Watching Big Brother | art and culture | Hindustan Times
Today in New Delhi, India
Mar 27, 2017-Monday
-°C
New Delhi
  • Humidity
    -
  • Wind
    -

Watching Big Brother

What can be more curious than watching an exhibition of experimental art being set up in front of your eyes? The confusion it stirs, the careful attention to detail and space it requires, while hapless helpers try to discern what’s a lump of sand and what’s a pile of bricks and what’s that got to do with anything at all?

art and culture Updated: Apr 02, 2010 21:50 IST
Jairaj Singh

What can be more curious than watching an exhibition of experimental art being set up in front of your eyes? The confusion it stirs, the careful attention to detail and space it requires, while hapless helpers try to discern what’s a lump of sand and what’s a pile of bricks and what’s that got to do with anything at all?

By George — like ‘Oh God!’ — is an exhibition by eight artists that explore the theme of surveillance through an artistic lens. According to Gitanjali Dang, the show’s curator, surveillance is sharply double-edged and it is not a yesteryear phenomenon.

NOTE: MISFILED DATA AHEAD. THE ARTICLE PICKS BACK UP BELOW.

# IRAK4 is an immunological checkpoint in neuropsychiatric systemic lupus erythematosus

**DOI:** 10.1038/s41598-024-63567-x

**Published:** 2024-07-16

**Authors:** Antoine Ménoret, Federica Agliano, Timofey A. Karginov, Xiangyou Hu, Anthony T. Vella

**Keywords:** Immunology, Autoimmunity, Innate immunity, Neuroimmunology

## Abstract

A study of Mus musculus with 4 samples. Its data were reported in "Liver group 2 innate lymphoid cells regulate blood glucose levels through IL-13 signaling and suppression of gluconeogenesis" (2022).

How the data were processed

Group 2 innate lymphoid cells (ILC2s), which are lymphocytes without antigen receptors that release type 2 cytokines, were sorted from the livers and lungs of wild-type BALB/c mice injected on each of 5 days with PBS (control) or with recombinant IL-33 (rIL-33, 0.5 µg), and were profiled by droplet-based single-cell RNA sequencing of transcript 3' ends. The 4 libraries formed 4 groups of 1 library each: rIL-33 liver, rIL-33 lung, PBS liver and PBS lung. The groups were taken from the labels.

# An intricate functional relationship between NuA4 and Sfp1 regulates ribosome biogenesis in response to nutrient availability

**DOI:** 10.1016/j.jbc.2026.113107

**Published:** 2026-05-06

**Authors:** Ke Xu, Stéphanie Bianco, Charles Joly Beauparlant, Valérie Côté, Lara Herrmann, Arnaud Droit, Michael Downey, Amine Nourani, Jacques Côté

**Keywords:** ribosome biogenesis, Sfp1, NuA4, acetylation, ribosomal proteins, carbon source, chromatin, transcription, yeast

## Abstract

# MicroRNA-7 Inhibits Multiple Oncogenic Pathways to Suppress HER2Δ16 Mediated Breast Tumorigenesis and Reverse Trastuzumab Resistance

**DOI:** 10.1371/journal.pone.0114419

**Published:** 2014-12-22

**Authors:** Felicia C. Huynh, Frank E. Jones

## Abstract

The title of the show is a play on George Orwell. One of the most important political writers of the 20th Century, whose controversial book, 1984, not only showed a dystopic view and workings of a totalitarian regime but also set notions of surveillance as some sort of perverted omniscient narrator.

The works on display use ‘mixed media’ such as paintings, prints, multimedia, art installations and photographs to show the multitude of surveillance today and how its slowly inching towards an invasion of our domestic space.

So while at the entrance of the show you see a brick wall flanked by two dangling arms that point towards it, inside you see a pile of bricks with two arms that point from it. From a print portrait of the founder of social networking website Facebook’s, to a wheelbarow full of squeaky shoes to track baby feet.

The works are highly subjective and interpretations are free to be scrounged — Dang says that she left the motif entirely to the artists she felt would do something interesting.